The city of Weston does not yet have a library, a school campus or a supermarket to call its own.

However what this burgeoning burg, located eight miles east of Celina, does have that many other small towns may not is a public art display.

Credit for that goes to Weston Mayor Patti Harrington and longtime resident Anne Marie Bonzo.

Last fall, the women went to work painting a trio of barn quilts, a form of folk art that in recent years has gained popularity primarily in rural areas throughout the Midwest and southern U.S.

Often painted directly onto the sides of barns and other outbuildings, barn quilts typically consist of the brightly colored, geometric designs that are based on – or are exact replicas of – patterns that quilters have hand-stitched onto fabric for hundreds of years.

Barn quilts patterns are also often painted on large squares of plywood that are hung on structures.

Earlier this year, with the assistance of a local volunteer, Harrington and Bonzo hung their 4×4 painted plywood squares on the north-facing exterior wall of the Weston Community Center, at 117 Main St.

Barn quilts have become something of a tourist attraction in some states that boast barn quilt trails, where numerous examples of the handcrafted squares dot the landscape for miles.

The largest trail in Texas is located in nearby Fannin County where barn quilts are displayed in the cities of Ector, Savoy, Bonham and Honey Grove, among others.

Last year, after persuading Weston’s city council to approve funds for the necessary supplies including sanded exterior-grade plywood and primary-colored paint, Harrington and Bonzo set about selecting designs for their towns barn quilts.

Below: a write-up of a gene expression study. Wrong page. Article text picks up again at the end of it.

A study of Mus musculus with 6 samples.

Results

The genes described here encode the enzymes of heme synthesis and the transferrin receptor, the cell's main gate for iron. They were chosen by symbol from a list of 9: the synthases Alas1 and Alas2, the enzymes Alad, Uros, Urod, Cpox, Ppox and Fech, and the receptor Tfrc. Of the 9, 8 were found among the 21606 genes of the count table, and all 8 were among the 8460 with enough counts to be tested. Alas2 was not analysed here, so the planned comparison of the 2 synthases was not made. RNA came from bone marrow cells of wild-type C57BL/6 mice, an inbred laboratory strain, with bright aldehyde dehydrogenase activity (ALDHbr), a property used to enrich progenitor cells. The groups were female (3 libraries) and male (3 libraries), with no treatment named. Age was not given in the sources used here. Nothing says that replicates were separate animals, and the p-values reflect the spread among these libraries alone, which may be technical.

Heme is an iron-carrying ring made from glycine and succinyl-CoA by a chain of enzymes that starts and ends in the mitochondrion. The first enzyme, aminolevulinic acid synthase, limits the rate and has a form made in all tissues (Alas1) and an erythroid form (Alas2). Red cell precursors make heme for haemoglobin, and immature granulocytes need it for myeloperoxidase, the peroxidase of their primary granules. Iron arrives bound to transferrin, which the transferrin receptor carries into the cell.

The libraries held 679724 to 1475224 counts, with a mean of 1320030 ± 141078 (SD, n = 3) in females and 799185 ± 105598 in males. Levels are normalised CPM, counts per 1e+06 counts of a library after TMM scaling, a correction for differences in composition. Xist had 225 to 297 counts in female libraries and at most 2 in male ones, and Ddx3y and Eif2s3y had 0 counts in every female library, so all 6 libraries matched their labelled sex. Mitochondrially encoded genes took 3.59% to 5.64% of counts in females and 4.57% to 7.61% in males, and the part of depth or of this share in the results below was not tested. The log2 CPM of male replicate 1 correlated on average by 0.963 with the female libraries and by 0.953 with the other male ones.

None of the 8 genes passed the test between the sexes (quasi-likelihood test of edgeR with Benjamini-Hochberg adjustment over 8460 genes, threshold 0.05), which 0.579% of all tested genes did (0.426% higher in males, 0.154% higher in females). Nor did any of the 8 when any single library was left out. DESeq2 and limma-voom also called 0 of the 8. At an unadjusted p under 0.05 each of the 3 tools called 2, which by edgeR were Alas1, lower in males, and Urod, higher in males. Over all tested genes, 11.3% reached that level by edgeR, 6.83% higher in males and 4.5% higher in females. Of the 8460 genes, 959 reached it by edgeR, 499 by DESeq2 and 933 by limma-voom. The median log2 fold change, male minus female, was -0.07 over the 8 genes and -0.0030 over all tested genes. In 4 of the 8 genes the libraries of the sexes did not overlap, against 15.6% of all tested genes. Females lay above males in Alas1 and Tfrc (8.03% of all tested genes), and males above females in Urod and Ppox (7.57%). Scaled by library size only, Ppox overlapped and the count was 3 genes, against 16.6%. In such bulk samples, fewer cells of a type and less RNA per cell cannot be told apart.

“We were looking for something simple, and as we were looking for patterns we found ones that we both liked,” said Harrington, who has served as Weston’s mayor for 13 years inconsecutively.

They chose a pair of designs that she said are variations of Ohio Star quilt-block patterns, as well as a LeMoyne Star pattern.

After priming the plywood, Harrington traced the designs onto it using a pencil. Bonzo marked off the sections to be painted with tape.

“The taping is probably the most time-consuming” part of the project, Bonzo said, “because you want to get it right on the lines. You don’t want the paint to seep underneath it.”

Both women painted the designs onto the squares, which were later varnished to help protect them from the elements.

“There’s really nothing hard about any of it, anyone can do it, but you’ve got to try to do it neatly,” Bonzo said.

Also, having patience is key.

“You can only tape certain sections” at a time, Harrington said, “so you [paint] a color and then you have to wait for that to dry and do three coats, and then you can take the tape off.”

Last month they finished a fourth barn quilt, featuring a Wyoming Valley Star pattern, and hung it on the community center’s southern wall.

The women, who donated their time and labor for the art project, figure they spent about a month working during their free time to craft the squares.

“Anne Marie and I are both on the same page about giving this little community something that’s different and anything that looks good,” Harrington said.

A few years back, she said, the pair planted dozens of daffodils in front of the town’s city hall building. “We’re about making Weston look pretty.”

Founded in the mid-1800s, Weston is one of the oldest towns in Collin County.

While working on the barn quilts, Harrington said, “We thought that this was kind of an homage to the settlers who first same to Weston. … Undoubtedly, they had quilts in their wagons … and we thought how fitting that we do barn quilts to match the early days.”

The painted quilts “add some color and some flair” to the town, Bonzo said. She hopes they will inspire other Weston residents to create their own quilts with which to adorn area buildings.

“They just make you smile,” she said.